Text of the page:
Abstract

Income splitting for tax purposes results in more specialization of wives, but does this in turn generate more gender inequality? In my dynamic bargaining model with a divorce threatpoint, I find that who controls the couple's labour supply plays a crucial role in establishing this link. If spouses choose their labour supply non-cooperatively, only the husband's increase - but not her own decrease - in labour supply introduces a negative term in the wife's change in welfare. If the wife does not control her own labour supply, a decrease in her own labour supply introduces an additional negative term.


Article provided by Canadian Economics Association in its journal Canadian Journal of Economics.

Volume (Year): 42 (2009)
Issue (Month): 3 (August)
Pages: 1050-1071


  1. Volker Meier & Helmut Rainer, 2012. "Beyond Ramsey: Gender-Based Taxation with Non-Cooperative Couples," CESifo Working Paper Series 3966, CESifo Group Munich.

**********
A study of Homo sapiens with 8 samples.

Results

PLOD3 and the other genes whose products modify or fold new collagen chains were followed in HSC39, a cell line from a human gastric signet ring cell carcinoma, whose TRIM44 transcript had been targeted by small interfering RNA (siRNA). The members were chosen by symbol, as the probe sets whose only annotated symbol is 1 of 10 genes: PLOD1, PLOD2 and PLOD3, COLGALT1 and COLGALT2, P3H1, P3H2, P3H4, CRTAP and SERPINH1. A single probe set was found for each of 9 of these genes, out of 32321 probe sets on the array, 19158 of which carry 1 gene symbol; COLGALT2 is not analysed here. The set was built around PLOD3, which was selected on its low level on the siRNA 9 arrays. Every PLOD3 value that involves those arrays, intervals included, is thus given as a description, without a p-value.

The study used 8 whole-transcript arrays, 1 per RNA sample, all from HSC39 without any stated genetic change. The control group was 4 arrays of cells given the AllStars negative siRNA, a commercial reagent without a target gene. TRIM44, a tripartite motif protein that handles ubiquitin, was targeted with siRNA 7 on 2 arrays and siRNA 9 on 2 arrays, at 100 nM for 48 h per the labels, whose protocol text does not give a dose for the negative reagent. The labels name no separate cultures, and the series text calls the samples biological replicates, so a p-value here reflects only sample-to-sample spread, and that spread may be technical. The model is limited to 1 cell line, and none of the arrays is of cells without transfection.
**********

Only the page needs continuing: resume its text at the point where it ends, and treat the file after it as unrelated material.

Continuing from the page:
2. Kemnitz, Alexander & Thum, Marcel, 2013. "Gender Power, Fertility, and Family Policy," Annual Conference 2013 (Duesseldorf): Competition Policy and Regulation in a Global Economic Order 79827, Verein für Socialpolitik / German Economic Association.
  3. Elisabeth Gugl & Justin Leroux, 2009. "Share the Gain, Share the Pain? Almost Transferable Utility, changes in production possibilities, and bargaining solutions," Cahiers de recherche 09-05, HEC Montréal, Institut d'économie appliquée.
  4. Volker Meier & Helmut Rainer, 2014. "Pigou Meets Ramsey: Gender-Based Taxation with Non-Cooperative Couples," Ifo Working Paper Series Ifo Working Paper No. 179, Ifo Institute for Economic Research at the University of Munich.